And add the high-protein critters to your diet, if you can stomach them
A widely available, dirt-cheap, eco-friendly superfood that has more protein density per bite than beef and is chock-full of vitamins and minerals? Look no farther than the crickets in your backyard.
Per 100 grams of crickets Protein: 16 to 21 g Carbohydrates: 5.1 g Calcium: 75.8 mg Phosphorous: 185.3 mg Iron: 9.5 mg
That’s right. Those critters chirping away in your vegetable garden are more than suitable for human consumption, and with 16 to 21 grams of protein per 100 grams of cricket, the little brown bugs make for a great post- or pre-workout snack.
It’s a “no-brainer,” says Zack Lemann, an entomologist with the Audubon Nature Institute. Crickets provide more than enough protein to fuel the rest of your day. “And they contain a good, but not excessive, amount of fat and carbohydrate,” he adds.
A hundred grams of cricket contains only about 5 grams of fat and 121 calories. For comparision, a hundred grams of beef has close to 300 calories and 20 grams of fat. Although a hundred grams of ground beef has more protein (26 grams) than the equivalent amount of cricket, the nutritional quality of bovine protein is lower.
The little fat crickets do have is the good kind, unlike the cholesterol-raising fat found in beef and pork. Brooklyn-based Exo and San Francisco company Bitty Foods were quick to hop on these insects’ fitness-boosting potential early on. Both businesses offer cricket-flour energy bars in non-insect-evoking flavors like cashew-ginger and cacao nut. A uniquely low-impact and convenient form of cultivating high-protein food, cricket farms can fit in a bedroom closet or garage and require minimal effort and investment.
Sure, you can buy crickets at a store, but the ones you’ll find weren’t raised for human consumption. Store-bought crickets are usually given artificial feed, which isn’t produced with the human digestive system in mind. Farming your own herd gives you a degree of quality control you won’t find in the local pet store. And if crickets become a regular part of your diet, breeding them yourself will be cost-efficient.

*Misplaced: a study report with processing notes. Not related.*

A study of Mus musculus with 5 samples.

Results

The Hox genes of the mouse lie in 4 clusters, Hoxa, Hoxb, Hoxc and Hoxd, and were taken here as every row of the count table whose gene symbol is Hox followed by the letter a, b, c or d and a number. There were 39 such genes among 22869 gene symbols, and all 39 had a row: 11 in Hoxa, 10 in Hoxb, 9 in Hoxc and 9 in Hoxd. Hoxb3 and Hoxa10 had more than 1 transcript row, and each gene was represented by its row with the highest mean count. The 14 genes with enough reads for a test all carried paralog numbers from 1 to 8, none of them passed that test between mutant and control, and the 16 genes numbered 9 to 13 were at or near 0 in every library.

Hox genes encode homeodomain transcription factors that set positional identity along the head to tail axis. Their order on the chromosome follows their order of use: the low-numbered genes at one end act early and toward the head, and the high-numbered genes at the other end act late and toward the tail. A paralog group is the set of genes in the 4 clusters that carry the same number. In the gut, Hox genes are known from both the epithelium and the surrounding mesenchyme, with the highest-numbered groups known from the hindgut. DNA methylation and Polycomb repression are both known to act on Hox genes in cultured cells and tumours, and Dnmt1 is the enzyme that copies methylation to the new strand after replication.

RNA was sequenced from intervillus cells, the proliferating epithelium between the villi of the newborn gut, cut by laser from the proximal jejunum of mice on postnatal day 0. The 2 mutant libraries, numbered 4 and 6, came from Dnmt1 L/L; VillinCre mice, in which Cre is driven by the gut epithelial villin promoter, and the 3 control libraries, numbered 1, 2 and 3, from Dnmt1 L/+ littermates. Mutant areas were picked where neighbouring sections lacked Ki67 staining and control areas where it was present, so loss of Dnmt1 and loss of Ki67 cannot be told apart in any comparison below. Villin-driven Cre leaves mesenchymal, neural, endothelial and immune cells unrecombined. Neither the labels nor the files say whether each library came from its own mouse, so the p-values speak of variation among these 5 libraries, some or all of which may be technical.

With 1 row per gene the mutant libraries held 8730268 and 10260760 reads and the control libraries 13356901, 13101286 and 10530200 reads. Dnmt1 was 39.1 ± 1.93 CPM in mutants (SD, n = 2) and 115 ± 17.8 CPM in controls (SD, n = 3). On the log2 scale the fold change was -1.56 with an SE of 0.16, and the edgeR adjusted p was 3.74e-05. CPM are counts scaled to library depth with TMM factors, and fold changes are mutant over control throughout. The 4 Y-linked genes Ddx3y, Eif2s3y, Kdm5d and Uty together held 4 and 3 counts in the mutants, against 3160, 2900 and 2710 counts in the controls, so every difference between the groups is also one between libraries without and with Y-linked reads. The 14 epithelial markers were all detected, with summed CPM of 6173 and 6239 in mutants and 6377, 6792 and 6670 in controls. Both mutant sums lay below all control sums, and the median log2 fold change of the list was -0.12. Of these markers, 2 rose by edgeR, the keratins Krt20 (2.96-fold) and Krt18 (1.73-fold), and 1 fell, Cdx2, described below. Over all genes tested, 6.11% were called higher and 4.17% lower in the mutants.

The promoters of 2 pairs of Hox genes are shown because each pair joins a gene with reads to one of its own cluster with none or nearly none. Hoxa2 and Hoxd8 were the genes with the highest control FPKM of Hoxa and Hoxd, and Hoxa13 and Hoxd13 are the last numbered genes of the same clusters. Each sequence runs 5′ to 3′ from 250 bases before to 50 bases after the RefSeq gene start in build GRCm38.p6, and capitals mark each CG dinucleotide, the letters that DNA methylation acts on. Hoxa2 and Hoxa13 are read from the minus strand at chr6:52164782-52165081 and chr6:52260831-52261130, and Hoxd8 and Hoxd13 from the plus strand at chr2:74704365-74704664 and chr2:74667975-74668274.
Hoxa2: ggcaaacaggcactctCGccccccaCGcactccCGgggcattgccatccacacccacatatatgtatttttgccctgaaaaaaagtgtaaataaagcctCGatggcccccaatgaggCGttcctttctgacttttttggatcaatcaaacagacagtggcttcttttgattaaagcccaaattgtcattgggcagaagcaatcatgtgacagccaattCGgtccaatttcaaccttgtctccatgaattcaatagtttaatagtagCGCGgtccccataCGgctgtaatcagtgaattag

For those of you who can get past our culture’s bug-munching taboos, what follows is a guide for starting and maintaining your own cricket farm.
Step One: Preparation
Get a high-sided, 14-gallon bin—this will hold 500 crickets, which are more than enough for starting out. Make sure the bin’s walls are smooth (so the crickets can’t hop over them and escape), and check that there’s proper ventilation (so the insects can breathe). Because they’ll need a constant source of water, provide a water tray that’s shallow enough that they can’t drown, or purchase a watering pad.
Step Two: Starting Out
You can purchase your crickets in bulk at a pet store or order them online. They’ll cost about a dime each. Put them in the bin and make sure they’re kept at a regular temperature of about 86 degrees.
Feed the adults plants like cucumber, morning glory, and pumpkin. What you feed them can affect how they taste, so feel free to experiment. Robert Nathan Allen of Little Herds, an Austin-based nonprofit dedicated to inspiring more insect-eating, explains: “Feed them mint, and they’ll taste minty; feed them apple and cinnamon, and they’ll taste like apple and cinnamon.” Make sure there are no pesticides in what you give your crickets (the chemicals would kill them), and check their food regularly for mold as well.
Step Three: Breeding
Get a small tray and fill it a few inches with clean topsoil: this is where the females will lay their eggs. The environment must be kept moist, so spray it every day. Once they’ve been laid, you’ll be able to see the eggs—they resemble little grains of saffron rice poking out of the soil. Next, remove the tray and keep it incubated in a hot, humid climate (90 percent relative humidity), until the babies hatch (within 7 to 10 days). Be aware that the eggs won’t hatch if they aren’t kept warm. You can use a heat lamp or a heating pad for this—and make sure to spray the soil with water every day.
The babies, which will be about the size of a pinhead, need to be kept in a separate container until they’re big enough for the main farm. Feed them high-protein foods like tofu and chicken, and they’ll grow quickly. In about a month, they’ll reach full size; a few weeks later, they’ll be ready to breed.
According to Andrew Brentano, cofounder of Tiny Farms, a company focused on building the world’s first open-source edible-bug-farming kit, there are five basics for successfully cultivating crickets:
- clean food and water
- sufficiently fresh air flow
- a consistent temperature of 86 degrees
- 90 percent relative humidity for the first week or two of life, followed by less than 50 percent humidity
- enough space so the growing crickets can spread out and exist comfortably
Once you’ve mastered these steps (which won’t take long), simply keep the system in rotation. Before you know it, you’ll be a full-fledged cricket farmer. Harvest your crop, then boil it in rolling water and sauté with some salt, basil, and olive oil for a tasty snack that’s loaded with protein and good fats.